Tuesday, November 22, 2011

And now we begin to throw Joe Paterno under the bus

It was inevitable -- someone who once worked at Penn State would become the first person to be interviewed for a story in which the public learns about the less-flattering side of former Penn State football coach Joe Paterno.

Mind you, I'm not suggesting what is reported in this USA Today story or in this Wall Street Journal story is accurate (or inaccurate, for that matter); rather, I'm saying that such stories were going to be reported as soon as possible now that Paterno has been fired for his handling of the sexual assault scandal at the university.

And as you read the aforementioned stories, also note that journalists in and around State College are evaluating how rumors of the scandal seemed to be effectively controlled by Penn State's leaders. Gary Sinderson is a reporter at WJAC-TV. In this story that appears in TV News Check, he acknowledges that turning rumor into substance was difficult.
People ask, how could this go on for so long? I think Sandusky was secretly enabled by some of these people, who knew, kept silent and were interested in protecting their interests. I hope the next phase of the grand jury investigation focuses on the cover up.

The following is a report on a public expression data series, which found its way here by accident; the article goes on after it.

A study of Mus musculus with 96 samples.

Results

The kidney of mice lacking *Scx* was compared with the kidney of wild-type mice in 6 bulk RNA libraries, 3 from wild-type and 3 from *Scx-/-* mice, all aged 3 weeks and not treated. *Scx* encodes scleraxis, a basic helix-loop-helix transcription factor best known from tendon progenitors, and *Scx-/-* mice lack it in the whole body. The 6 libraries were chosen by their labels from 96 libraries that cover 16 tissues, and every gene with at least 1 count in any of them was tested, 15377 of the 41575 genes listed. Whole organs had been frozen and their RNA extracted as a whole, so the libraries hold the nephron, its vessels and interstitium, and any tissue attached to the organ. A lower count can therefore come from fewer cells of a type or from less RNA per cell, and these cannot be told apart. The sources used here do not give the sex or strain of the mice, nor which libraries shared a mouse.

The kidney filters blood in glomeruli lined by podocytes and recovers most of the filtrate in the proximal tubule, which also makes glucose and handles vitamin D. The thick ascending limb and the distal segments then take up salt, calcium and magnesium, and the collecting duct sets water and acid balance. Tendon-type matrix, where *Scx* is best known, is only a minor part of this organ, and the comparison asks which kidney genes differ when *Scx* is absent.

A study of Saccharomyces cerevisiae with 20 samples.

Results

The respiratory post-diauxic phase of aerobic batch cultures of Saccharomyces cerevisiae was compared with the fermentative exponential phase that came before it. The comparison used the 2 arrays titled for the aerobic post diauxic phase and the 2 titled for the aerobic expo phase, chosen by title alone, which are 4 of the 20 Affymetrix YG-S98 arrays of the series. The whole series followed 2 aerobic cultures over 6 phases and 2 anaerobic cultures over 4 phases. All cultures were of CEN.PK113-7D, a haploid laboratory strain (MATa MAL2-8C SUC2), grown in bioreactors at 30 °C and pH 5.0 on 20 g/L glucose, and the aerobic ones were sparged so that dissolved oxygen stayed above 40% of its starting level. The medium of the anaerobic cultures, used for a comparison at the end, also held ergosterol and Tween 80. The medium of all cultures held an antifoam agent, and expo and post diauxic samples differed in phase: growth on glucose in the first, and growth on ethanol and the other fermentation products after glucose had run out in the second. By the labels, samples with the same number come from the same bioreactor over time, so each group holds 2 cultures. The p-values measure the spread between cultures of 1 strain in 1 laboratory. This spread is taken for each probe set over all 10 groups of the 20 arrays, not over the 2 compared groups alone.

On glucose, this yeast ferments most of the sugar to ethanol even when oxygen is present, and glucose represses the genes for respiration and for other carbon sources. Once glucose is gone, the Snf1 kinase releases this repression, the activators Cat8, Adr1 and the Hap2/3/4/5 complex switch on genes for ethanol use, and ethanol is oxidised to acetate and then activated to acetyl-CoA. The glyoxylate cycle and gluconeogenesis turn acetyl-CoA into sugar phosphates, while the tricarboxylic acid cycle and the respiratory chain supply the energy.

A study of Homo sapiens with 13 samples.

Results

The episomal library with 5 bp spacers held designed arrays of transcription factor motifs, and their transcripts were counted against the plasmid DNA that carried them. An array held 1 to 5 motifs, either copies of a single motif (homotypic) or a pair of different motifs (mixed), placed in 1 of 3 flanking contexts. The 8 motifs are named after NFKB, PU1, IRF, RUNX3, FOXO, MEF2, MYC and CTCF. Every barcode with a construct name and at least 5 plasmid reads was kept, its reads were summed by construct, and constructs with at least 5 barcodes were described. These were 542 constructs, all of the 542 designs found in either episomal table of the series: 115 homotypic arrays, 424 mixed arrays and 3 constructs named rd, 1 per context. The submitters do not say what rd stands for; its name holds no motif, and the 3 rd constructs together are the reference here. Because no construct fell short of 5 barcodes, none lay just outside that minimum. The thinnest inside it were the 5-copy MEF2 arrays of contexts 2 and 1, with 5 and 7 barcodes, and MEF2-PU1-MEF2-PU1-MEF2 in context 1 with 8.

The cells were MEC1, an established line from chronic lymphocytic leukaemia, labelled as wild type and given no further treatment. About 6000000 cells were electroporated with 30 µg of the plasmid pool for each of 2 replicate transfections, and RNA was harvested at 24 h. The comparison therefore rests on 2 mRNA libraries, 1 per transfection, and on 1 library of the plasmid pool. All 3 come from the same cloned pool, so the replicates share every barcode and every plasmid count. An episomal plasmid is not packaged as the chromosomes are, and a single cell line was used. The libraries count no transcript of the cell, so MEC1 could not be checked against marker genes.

Harrisburg Patriot-News reporter Sara Ganim, who broke the story of the grand jury investigation in March, worked here in Centre County for several years. We compared notes on the Sandusky issue. She did fine work and deserves the boatload of awards that will probably be coming her way. We both knew the truth of the story was in Harrisburg with the grand jury. The Patriot-News, to its credit, gave her the time necessary to work on the story.
Why couldn't I report it? I didn't have the time to get the needed verification to move the story ahead or to convince my bosses it's not a rumor, but a real story. It's just the nature of my particular job. I'm a one-man band, expected to crank out several stories a day. I may get a day or two to work on a large story, but not the time afforded to Ganim.
I could write a book about covering Penn State. You start with its dual nature. For years, if you wanted salaries or other financial information, the response was, we're a private institution. But when it comes to requesting state and federal financial assistance, then it's, oh  my, we're a public college.
Now, before anyone accuses me of being a Paterno apologist, please get your facts/opinions straight. I repeat, I am not attempting to elevate Paterno to saintly status, and I'm not seeking to undermine the credibility of the people who are speaking out against him.

Rather, I am saying that it was only a matter of time before these kinds of stories were disseminated. I leave it to each person to decide if they assist us in learning what Paterno was like as a person, as a coach, as a leader and as a man of character.